A fire marshal this morning will begin determining what caused a three-alarm fire Tuesday night that destroyed a shrimp boat and threatened the Tarpon Springs Sponge Docks.
The blaze started at roughly 7:45 p.m. on an 80-foot shrimp boat called the Skye Marie, which was docked at 1000 Roosevelt Blvd., said Donald Sayre, deputy fire chief for Tarpon Springs Fire Rescue.
At the time, the Skye Marie was one of three boats tied together, Sayre said. Firefighters were able to free one of the boats, leaving the Skye Marie and the other still attached, Sayre said. No matter how much foam firefighters sprayed on the Skye Marie, though, the fire wouldn’t go out.
“Everything we tried just wasn’t getting it,” he said.
One problem was the owner of the Skye Marie, Billy Harris, had just put $5,000 worth of diesel fuel on board, and he already had $1,000 worth, Sayre said. The vessel finally started rolling and sinking, releasing some of the fuel into the water, the deputy chief said.
When that happened, firefighters found themselves dealing with pools of flaming fuel floating toward other areas of the dock, but they succeeded in putting out those spot fires, which didn’t cause a significant amount of damage, Sayre said.
“It got very interesting very quickly when that happened,” he said.
Investigators still don’t know how much damage the vessel next to the Skye Marie sustained, but the boat is still buoyant this morning, Sayre said.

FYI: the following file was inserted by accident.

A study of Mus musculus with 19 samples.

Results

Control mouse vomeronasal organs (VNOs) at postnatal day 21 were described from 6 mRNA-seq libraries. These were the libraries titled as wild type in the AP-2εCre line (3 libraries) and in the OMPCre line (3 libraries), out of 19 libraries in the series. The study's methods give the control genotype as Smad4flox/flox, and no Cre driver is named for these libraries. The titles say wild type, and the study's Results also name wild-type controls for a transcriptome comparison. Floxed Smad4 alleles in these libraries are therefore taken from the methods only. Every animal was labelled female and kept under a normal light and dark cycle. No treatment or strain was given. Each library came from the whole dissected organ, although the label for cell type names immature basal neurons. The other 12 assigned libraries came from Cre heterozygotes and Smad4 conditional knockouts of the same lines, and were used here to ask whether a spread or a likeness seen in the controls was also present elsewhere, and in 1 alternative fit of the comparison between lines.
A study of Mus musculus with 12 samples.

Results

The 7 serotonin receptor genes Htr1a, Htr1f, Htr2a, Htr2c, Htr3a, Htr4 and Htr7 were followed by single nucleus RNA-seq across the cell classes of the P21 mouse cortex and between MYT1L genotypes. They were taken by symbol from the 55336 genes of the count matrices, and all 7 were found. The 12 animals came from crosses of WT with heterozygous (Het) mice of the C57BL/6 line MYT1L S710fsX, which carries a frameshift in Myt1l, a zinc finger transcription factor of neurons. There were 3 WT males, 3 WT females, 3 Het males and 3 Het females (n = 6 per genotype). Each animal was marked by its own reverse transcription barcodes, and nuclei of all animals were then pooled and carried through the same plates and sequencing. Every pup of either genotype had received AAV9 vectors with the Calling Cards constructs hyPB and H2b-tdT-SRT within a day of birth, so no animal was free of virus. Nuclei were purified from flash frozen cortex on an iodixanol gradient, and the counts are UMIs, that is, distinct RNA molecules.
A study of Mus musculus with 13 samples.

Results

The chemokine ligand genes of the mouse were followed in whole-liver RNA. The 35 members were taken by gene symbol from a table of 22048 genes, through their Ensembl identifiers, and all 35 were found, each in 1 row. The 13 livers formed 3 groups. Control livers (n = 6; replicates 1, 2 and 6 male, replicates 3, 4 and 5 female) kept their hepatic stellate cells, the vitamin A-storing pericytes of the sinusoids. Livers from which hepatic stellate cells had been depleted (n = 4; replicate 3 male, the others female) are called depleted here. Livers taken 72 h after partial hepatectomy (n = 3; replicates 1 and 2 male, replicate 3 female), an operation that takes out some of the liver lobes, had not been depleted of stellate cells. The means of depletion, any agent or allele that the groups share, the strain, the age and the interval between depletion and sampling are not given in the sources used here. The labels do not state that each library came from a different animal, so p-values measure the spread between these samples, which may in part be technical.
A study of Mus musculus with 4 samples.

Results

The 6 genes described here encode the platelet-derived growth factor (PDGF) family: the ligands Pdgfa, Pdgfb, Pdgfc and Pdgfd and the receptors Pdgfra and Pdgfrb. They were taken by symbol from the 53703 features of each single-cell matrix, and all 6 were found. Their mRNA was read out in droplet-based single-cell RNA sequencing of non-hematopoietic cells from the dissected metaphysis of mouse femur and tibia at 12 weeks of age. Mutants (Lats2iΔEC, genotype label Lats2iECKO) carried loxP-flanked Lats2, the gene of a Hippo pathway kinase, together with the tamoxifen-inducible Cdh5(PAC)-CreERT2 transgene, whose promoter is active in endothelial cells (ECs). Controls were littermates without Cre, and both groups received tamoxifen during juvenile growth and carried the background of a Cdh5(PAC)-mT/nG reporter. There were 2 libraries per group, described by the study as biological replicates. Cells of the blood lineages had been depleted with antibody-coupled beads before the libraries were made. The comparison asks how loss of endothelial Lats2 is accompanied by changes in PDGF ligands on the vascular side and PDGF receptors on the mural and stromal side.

Determining what caused the fire will be complicated by the Sky Marie’s sinking.
Boat owners Billy and Sue Harris said they had no idea how the fire started.
“All I could say it had to be an act of God,” Billy Harris said.
Harris and his family members watched firefighters battle the blaze into the night.
He said he worked on the boat 2-5 p.m. Tuesday. It had no power, no generator and no engine running, he said. Monday morning, he loaded the boat with about 5,000 gallons of fuel, which cost him about $18,000, he said.
“I’ve been here a long time,” Harris said. “Other than the ‘No Name Storm’ this is probably one of the worse fires that I’ve seen in Tarpon Springs.”
There were no reported injuries from the fire.
Firefighters from the Clearwater Fire Department, Largo Fire Department and the U.S. Coast Guard helped bring the blaze under control.
Joe Reis, stepson of owner Billy Harris, said he’s concerned for his family, other boat owners and the environment.
“You also have to think about everybody else’s livelihood on the river,” Reis said. “You have diesel fuel spilling in the river that is burning. That could burn a number of boats that are not theirs. That would basically fall on their shoulders to repair this.”